Iceland’s Epic Literary Heritage Recognised
Iceland’s capital city Reykjavik has been designated a City of Literature by the United Nations Educational, Scientific and Cultural Organisation (UNESCO). The announcement brings to five the number of Cities of Literature - the others are Melbourne, Edinburgh, Dublin and Iowa - and to 29 the number of cities participating in UNESCO’s Creative Cities network. Other than literature, the Creative Cities network includes cities of film, music, crafts and folk art, design, media arts and gastronomy. Reykjavik is the first non-English speaking City of Literature.
Reykjavik city authorities will officially launch the capital’s City of Literature initiatives next month, and in October Iceland will be the guest of honour at the Frankfurt Book Fair, the world’s largest book fair.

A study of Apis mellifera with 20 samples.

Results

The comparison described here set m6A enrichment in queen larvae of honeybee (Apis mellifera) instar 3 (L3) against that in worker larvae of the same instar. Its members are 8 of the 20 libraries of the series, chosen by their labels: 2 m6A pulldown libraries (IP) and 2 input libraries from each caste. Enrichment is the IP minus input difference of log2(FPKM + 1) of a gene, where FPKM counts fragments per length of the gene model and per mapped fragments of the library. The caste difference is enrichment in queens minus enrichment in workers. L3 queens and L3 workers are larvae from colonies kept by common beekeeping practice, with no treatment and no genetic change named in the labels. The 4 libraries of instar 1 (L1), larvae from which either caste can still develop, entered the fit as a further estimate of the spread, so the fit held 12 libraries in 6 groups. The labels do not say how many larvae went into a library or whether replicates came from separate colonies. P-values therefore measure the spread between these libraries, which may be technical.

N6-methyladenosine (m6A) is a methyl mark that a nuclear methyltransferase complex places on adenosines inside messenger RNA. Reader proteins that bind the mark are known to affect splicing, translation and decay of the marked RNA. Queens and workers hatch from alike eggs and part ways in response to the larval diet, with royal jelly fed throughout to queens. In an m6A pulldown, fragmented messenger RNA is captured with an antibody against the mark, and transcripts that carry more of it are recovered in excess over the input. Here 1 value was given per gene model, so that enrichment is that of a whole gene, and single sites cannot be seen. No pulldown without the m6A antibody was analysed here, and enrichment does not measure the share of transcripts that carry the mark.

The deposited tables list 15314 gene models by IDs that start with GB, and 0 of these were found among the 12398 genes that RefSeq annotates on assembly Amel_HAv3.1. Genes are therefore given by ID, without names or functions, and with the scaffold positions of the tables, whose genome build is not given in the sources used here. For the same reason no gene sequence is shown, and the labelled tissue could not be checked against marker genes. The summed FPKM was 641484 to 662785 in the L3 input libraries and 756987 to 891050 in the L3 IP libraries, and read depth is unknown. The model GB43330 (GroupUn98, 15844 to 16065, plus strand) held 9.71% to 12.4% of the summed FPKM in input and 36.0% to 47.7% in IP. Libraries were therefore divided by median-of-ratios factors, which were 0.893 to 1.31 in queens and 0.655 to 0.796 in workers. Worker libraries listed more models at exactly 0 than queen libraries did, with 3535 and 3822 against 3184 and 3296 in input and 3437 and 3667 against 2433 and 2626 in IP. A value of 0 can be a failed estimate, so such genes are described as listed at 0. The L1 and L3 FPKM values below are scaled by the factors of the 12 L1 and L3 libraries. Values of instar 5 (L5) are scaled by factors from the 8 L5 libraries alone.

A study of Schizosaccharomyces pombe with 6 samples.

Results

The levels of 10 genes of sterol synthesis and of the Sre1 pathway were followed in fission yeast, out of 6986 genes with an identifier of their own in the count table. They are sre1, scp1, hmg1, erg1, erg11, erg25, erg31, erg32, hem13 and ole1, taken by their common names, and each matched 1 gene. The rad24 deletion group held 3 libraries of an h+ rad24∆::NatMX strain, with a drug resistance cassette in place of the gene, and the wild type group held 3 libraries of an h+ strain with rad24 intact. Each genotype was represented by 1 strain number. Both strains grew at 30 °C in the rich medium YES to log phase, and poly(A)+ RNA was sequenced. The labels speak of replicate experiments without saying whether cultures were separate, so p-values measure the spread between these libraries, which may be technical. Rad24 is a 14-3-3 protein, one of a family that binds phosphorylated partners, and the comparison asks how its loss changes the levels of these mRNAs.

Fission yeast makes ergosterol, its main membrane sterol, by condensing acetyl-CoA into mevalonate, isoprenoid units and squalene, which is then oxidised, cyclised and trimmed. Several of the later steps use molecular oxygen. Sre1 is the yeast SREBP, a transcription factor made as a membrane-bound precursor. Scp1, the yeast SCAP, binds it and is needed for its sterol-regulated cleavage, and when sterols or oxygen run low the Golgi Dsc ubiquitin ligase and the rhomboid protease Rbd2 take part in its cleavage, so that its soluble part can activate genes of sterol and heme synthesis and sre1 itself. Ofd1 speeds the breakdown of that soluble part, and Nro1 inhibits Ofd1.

What Iceland’s literary heritage lacks in breadth it more than makes up for with continuity. It is notable for its connection with a rich tradition of epic poetic sagas. Thanks to its isolation and relative smallness (its population is just under 320,000), Iceland’s language has changed at a slower rate than that of English. As a result, Icelanders are more closely connected to their medieval poetry than English speakers are to ours. Whereas we find Chaucer almost unreadable without the help of secondary sources, the epic sagas of Icelandic poetry are more easily read by modern Icelandic readers. This is a feature of Icelandic culture depicted by Iceland’s Halldór Laxness - a Nobel laureate in 1955 - in his most famous novel. Independent People (1934) is set among isolated farmers in the early 20th century, for whom the epics are still a major influence on their language, identity and aspirations.